Yak Magazine, Jun/Jul/Aug 2014
Ondy Sweeting takes the family to a place she’d rather not talk about...
Some stories should not be told, and this is one of them. However, in the interests of professionalism (the boss told me to do it), I am sharing what deserves to remain a well-kept secret.
Zibiru is a gorgeous neighborhood restaurant, tucked away discreetly in Jl. Drupadi, not so far from the madding crowds, but far enough. It is a favourite haunt for those who have become acquainted with the fabulous food, the intimate atmosphere and the genuine hospitality.
“Sweet” doesn’t begin to conjure the pocketed garden eatery that exists less than a metre from the tiny connecting road that runs between two major thoroughfares; Oberoi Road and Jl Dhyana Pura.
Formerly a Viennese café, it retains a home-style charm furnished in shabby-chic Balinese furniture and an upstairs/downstairs layout that allows for privacy and intimacy. It’s perfectly laid out for both romance and celebration.
Chef and co-owner, Luigi Calcagno can really cook. With a made-from-scratch approach, including fresh organic produce from Zibiru’s “environmentally positive” farm.
The lights are twinkling and an acoustic jazz band is setting up in the garden when we arrive for dinner. Luigi has only just been told we’re arriving but he is still cool and charming as he greets us. We choose a family-style table in the garden and greet some friends who are also having dinner there. Regulars, and there are many of those.
A glance at the menu tells a story of regional Italian cuisine that includes hand-made pasta, a host of appetisers and salads and some main courses that promise more substantial and equally appealing offerings. It’s a fairly comprehensive menu and filled with temptation . . . you want it all. Three generations of us are having dinner together and everyone is happy. Makes a nice change.
Luigi takes over and hardly raises a sweat, playing chef and host with equal amounts of charm. There is a really personal feeling about Zibiru, and we start with appetisers which he chooses.
These range from a fabulous fresh tuna tartare, shaped as a heart and mingled with avocado and mango, a perfectly textured square of Parmagiana Gratin, grilled eggplant layered with home-made tomato sauce and topped with mozzarella, it is one of the best I have ever eaten. Alongside we also have a gorgeous basket filled with tiny prawns, calamari rings and baby octopus, Fritturina, fried to perfection with a delicate batter coating. Finally we are served a selection of cured meats, Tagliare, served on a board that comes with slivers of first-rate parmesan dipped in a tiny bowl of honey, there wasn’t much left of any of it.
In typical Italian style the main courses were three pastas together with a snapper dish that was on the specials board that night; stunning white fillets of fish dressed with artichoke and potato, peas and mint.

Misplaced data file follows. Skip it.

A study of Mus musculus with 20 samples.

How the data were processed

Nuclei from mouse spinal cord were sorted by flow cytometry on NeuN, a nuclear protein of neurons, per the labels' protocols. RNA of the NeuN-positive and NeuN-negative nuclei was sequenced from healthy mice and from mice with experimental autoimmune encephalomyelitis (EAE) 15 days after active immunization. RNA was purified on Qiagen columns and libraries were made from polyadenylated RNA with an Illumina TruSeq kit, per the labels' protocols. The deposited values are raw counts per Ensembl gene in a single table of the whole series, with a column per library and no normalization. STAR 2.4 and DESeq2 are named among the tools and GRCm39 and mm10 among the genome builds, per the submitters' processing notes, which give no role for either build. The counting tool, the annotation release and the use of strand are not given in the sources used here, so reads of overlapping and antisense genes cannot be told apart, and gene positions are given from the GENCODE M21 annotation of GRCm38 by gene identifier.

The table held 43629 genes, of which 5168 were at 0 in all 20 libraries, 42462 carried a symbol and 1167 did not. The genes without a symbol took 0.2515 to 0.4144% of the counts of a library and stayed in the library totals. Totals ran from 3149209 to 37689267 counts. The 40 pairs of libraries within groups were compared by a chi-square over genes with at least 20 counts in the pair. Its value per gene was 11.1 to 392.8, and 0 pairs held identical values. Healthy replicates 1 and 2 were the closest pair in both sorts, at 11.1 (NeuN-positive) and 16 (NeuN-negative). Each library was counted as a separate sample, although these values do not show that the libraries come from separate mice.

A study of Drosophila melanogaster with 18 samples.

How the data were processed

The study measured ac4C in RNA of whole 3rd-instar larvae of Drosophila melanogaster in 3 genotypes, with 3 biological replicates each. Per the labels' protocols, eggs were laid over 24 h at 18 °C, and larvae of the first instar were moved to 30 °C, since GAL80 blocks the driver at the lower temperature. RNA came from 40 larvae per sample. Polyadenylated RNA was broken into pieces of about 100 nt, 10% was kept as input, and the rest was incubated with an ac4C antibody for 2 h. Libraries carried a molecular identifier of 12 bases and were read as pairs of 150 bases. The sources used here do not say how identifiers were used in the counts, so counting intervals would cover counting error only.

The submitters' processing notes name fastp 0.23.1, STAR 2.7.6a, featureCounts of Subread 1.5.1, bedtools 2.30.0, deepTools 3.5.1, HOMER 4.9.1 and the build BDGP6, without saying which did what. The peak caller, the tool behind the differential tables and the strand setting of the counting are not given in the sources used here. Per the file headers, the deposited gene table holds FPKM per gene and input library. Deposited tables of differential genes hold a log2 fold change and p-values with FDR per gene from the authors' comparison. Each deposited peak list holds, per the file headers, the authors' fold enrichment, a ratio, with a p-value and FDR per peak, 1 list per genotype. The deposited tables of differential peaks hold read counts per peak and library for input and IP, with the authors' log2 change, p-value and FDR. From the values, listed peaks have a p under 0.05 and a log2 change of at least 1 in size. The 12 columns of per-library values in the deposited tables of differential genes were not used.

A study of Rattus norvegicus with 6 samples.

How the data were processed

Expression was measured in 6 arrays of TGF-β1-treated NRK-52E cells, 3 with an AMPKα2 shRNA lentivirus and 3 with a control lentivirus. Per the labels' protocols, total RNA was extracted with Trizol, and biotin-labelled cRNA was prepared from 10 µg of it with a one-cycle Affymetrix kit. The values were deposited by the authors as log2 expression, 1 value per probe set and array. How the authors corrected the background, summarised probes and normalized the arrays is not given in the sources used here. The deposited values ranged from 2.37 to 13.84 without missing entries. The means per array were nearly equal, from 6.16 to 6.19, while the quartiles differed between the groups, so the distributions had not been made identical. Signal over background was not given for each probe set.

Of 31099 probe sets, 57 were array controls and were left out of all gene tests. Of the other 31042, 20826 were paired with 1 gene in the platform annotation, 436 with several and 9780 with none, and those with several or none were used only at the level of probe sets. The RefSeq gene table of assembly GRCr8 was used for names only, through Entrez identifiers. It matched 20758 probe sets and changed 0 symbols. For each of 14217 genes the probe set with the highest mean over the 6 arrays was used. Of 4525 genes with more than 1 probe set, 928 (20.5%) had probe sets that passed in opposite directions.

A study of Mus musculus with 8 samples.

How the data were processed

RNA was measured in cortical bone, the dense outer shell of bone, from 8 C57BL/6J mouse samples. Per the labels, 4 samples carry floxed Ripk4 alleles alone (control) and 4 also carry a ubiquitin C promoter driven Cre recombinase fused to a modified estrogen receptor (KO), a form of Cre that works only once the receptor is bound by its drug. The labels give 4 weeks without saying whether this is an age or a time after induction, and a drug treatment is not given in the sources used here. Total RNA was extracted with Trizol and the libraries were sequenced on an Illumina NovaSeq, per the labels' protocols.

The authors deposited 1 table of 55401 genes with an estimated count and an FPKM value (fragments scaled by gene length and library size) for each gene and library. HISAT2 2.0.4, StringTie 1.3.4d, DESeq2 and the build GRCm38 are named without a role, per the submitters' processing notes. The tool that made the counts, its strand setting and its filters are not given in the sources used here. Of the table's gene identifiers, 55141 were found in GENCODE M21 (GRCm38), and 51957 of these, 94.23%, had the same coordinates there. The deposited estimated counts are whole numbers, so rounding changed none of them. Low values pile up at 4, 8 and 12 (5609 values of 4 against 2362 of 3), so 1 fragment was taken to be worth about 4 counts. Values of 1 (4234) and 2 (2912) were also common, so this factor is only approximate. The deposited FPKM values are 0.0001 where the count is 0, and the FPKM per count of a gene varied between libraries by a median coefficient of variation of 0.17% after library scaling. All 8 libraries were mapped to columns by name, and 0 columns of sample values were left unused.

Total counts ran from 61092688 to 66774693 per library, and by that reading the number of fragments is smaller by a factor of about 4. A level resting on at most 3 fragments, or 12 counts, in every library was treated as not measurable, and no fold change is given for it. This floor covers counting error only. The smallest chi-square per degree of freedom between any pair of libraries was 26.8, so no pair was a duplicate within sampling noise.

Delicate little gnocchi, Gnochhi Norcina was dressed with Italian sausage and a creamy black pepper sauce while hand rolled Strozzapreti Ortolano was simply dressed with a balanced sauce of Italian bacon, cherry tomatoes, zucchini and basil thrown together with a fragrant olive oil. The Caramelle was a big hit, little pasta bows filled with ricotta cheese and spinach in a sage butter sauce.
The pasta dishes were all wonderfully light and Luigi points out to us that eating pasta is actually good for you. Mind this carbophobes. “Pasta is the most well balanced meal. It contains 100 -120 grams of carbohydrate mingled with protein and vegetables. Italians are the second longest living people on the planet, there’s a reason for that,” Luigi says.
Born in Rome, trained in classical French cuisine and with experience in Italy, New York and Brazil, he has 18 year’s experience as a chef and clearly knows how to cook. The French influence can be seen in many of the dishes, although predominantly Italian there is a finesse here that turns Nonna into Una Donna di alta classe, to mix my genders.
Before dessert there is one more thing that has to be said; Luigi and his silent partner Giotto, are not only incredibly charming, they are also very handsome. While this shouldn’t matter, well . . .
Desserts get the girls squealing, in a good way. Chocolate fondant cake is the way to my girl’s heart and this one did the trick, beautifully; another heart-shaped creation that oozed gooey chocolate on to the crisp biscuit and creamy vanilla ice cream beside it. An open apple tart topped with caramelised custard and to really sink the diet a dark chocolate mousse.
“This is heaven!” shouted the young diners as we fell into a pleasant dreaminess accompanied by the standing bass, the steel guitar and the little drum set playing classic jazz tunes beneath the starry sky.
Zibiru has its fans, many of them, but while it is well priced and seductive with great food and charming hosts, I am a little nervous that once the secret is out, I’ll have to fight for a reservation. Some stories should not be told.